IR measures to help the parties win an election

Wednesday 29 June, 2016 | By: James Flaherty | Tags: IR legislation, underpaying foreign workers, Fair Work Commission

With the Federal Election just around the corner, the major parties have proposed variations in the way they will implement IR changes.

With the recent spotlight on companies underpaying wages to foreign workers both parties are looking to increase penalties for those employers deliberately exploiting workers.

Check out below how they might apply to your business: 

 COALITION

 

CURRENT SITUATION

COALITION'S PROPOSAL

Fair Work Ombudsman enforcement powers

The Fair Work Ombudsman can require employers to produce records or documents.

Give compulsory evidence gathering powers to the Fair Work Ombudsman.

New penalty provisions relating to the obstruction of Fair Work Inspectors and the provision of false or misleading information to Fair Work Inspectors.

Increase penalties for underpayment

If you underpay an employee you are liable for a civil penalty of up to:

- $10,800 per breach (60 penalty units) if a natural person; or

- $54,000 per breach (300 penalty units) if a corporation.

Increase maximum penalties tenfold for employers who deliberately and systematically underpay workers and fail to keep proper records.

New offence where an employer pays the correct wages to employees, but then forces them to repay a proportion of their wages in cash.

New offence where franchisors and parent companies fail to deal with FW Act breaches exploitation by franchisees or subsidiaries to make franchisors and parent companies liable in situations where they should reasonably have been aware of the breaches and could reasonably have taken action to prevent them from occurring.

Franchisors who have taken reasonable steps to educate their franchisees about their workplace obligations and have assurance processes in place will have a defence

Regulation of trade unions and officials

The Fair Work Commission and Courts can suspend or disqualify union officials from holding an entry permit. There are no existing powers regarding persons whom hold office within industrial organisations.

Give courts powers to disqualify union officials from continuing to hold office where they have been repeatedly found to have breached workplace laws.

Require greater disclosure of union financial dealings, including whether a union or union officials would receive any benefit as a "direct or indirect consequence" of a proposed enterprise agreement.

Require greater disclosure of loans, grants and donations by unions.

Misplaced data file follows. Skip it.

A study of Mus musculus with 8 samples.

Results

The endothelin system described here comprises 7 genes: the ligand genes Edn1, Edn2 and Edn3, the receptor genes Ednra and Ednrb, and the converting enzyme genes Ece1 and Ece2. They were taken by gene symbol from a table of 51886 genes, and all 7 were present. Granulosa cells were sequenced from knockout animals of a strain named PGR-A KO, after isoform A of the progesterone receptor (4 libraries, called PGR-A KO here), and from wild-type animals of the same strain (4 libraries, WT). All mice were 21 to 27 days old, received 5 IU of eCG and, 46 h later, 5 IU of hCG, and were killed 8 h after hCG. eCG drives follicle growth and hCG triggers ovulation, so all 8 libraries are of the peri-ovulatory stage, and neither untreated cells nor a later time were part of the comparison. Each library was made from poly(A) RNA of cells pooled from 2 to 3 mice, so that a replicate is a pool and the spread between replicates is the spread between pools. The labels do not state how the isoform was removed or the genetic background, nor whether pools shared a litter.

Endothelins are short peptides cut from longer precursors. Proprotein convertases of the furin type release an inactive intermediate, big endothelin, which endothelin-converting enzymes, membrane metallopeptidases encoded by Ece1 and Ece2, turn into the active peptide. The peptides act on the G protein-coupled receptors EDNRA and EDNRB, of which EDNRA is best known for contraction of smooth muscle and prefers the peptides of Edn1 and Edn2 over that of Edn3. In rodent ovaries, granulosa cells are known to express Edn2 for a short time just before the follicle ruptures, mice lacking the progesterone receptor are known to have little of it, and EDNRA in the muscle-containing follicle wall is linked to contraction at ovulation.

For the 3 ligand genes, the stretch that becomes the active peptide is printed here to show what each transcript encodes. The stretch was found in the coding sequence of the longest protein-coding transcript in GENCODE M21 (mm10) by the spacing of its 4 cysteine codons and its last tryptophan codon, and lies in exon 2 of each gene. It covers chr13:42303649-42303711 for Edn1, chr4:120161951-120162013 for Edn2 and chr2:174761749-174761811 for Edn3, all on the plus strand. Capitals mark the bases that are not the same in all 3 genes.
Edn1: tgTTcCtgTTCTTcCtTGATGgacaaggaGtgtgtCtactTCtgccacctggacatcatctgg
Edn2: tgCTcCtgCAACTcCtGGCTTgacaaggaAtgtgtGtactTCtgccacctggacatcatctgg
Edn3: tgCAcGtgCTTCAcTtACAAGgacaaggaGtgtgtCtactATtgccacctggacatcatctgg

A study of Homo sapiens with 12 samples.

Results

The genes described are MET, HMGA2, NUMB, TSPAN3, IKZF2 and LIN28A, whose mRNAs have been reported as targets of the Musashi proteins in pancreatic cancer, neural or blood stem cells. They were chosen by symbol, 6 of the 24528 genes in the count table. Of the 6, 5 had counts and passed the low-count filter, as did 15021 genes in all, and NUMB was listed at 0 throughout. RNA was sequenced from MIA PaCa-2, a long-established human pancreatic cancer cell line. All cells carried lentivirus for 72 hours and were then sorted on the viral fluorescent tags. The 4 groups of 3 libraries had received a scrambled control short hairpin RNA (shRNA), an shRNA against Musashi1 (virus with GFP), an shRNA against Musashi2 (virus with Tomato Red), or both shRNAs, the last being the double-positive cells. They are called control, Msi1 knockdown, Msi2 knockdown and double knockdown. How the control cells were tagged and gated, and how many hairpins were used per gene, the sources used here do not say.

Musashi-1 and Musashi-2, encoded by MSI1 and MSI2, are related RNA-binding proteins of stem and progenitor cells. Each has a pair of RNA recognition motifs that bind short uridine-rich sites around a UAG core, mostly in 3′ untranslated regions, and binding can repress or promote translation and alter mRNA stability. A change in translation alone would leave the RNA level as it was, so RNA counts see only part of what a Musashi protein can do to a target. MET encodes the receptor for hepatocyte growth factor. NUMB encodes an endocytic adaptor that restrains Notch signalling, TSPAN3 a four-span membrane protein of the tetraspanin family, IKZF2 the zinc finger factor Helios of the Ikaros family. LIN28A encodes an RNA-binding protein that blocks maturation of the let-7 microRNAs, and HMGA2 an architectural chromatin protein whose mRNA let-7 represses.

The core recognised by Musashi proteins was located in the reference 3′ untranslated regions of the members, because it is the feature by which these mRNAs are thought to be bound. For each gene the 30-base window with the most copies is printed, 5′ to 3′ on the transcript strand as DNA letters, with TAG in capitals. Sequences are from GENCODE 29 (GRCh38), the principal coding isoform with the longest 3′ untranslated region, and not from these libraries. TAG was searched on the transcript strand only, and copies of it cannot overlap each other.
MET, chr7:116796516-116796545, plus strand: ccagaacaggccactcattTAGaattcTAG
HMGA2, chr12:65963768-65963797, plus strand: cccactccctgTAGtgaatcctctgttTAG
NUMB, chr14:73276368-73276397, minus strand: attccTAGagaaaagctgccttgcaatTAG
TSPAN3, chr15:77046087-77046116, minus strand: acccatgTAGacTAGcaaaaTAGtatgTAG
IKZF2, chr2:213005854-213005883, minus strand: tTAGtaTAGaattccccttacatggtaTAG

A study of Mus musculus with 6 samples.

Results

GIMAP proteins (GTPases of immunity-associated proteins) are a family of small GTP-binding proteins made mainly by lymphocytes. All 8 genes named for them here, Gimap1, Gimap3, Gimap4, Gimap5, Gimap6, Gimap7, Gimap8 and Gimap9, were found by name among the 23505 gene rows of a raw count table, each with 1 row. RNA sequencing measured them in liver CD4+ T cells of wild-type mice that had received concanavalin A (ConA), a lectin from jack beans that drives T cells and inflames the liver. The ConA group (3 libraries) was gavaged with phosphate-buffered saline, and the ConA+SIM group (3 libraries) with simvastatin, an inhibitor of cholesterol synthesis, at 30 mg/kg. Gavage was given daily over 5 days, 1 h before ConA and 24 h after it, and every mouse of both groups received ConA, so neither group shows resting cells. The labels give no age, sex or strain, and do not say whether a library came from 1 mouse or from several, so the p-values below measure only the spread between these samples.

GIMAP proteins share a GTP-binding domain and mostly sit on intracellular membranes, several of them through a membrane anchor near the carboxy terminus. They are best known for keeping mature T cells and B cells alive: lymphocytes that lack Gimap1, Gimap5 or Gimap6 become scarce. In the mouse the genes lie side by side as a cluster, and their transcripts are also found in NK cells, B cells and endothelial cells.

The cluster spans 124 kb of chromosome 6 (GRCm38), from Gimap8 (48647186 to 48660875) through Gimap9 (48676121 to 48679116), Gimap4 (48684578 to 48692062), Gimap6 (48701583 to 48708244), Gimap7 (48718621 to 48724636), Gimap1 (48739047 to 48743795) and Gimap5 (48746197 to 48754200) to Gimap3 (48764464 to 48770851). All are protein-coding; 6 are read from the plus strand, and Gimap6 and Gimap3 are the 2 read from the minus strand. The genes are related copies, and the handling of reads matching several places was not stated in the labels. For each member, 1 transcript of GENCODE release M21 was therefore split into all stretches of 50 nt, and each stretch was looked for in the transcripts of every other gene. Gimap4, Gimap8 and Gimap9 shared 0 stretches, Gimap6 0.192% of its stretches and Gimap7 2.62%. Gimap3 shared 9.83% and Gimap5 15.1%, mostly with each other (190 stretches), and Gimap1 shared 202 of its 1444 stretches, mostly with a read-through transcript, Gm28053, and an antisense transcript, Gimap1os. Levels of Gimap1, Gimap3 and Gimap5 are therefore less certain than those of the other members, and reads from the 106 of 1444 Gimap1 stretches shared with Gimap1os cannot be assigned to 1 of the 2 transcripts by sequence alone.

ALP

 

CURRENT SITUATION

ALP'S PROPOSAL

Definition of “casual” and “independent contractor” in Fair Work Act (FW Act)

Undefined.

After industry consultation:

(a) insert a definition in the FW Act that would deem a contractor to be an employee if a reasonable person would consider the person to be an employee;

(b) insert a definition of casual.

Increase penalties for underpayment

If you underpay an employee you are liable for a civil penalty of up to:

- $10,800 per breach (60 penalty units) if a natural person; or

- $54,000 per breach (300 penalty units) if a corporation.

Disqualify directors of body corporates breaching FW Act and where they intentionally transfer assets from an indebted company to a new company to avoid paying employee entitlements, make them personally liable for debts in relation to outstanding compensation owing to workers or civil penalties owing in respect of breaches of the FW Act.

Increase penalty for underpaying employees to higher of:

  1. three times the amount of the underpayment; or
  2. $216,000 (1,200 penalty units) for an individual and $1,080,000 (6,000 penalty units) for a body corporate.

Possible new criminal offences where employer intentionally or recklessly seriously underpays an employee or engages in sham contracting.
Penalty for such an offence would be:

- $43,200 (240 penalty units) or 2 years’ imprisonment for an individual; or

- $216,000 (1,200 penalty units) for a body corporate.

Higher penalties for exploitation of temporary overseas workers

Criminal offence to employ someone, or to refer someone to work, if they are not legally entitled to work.

This offence is punishable by 2 years’ imprisonment. It is also an aggravated offence, punishable by 5 years’ imprisonment if that worker is also exploited.

New criminal offence for those who deliberately exploit temporary overseas workers, and fail to meet their obligations to the worker under the FW Act, even if they are employing the worker in accordance with the terms of their visa.
This offence will be punishable by:

- up to 2 years’ imprisonment or a fine of up to $43,200 (240 penalty units) for a natural person; or

- a fine of up to $216,000 (1,200 penalty units) for a corporation.

Give “illegal” foreign workers employed in Australia without a visa the right to take action under the FW Act to recover entitlements.

Domestic and family violence leave

No entitlement in FW Act, although increasingly being provided in enterprise agreements.

Provide for 5 days’ paid domestic and family violence leave per annum in the National Employment Standards (NES).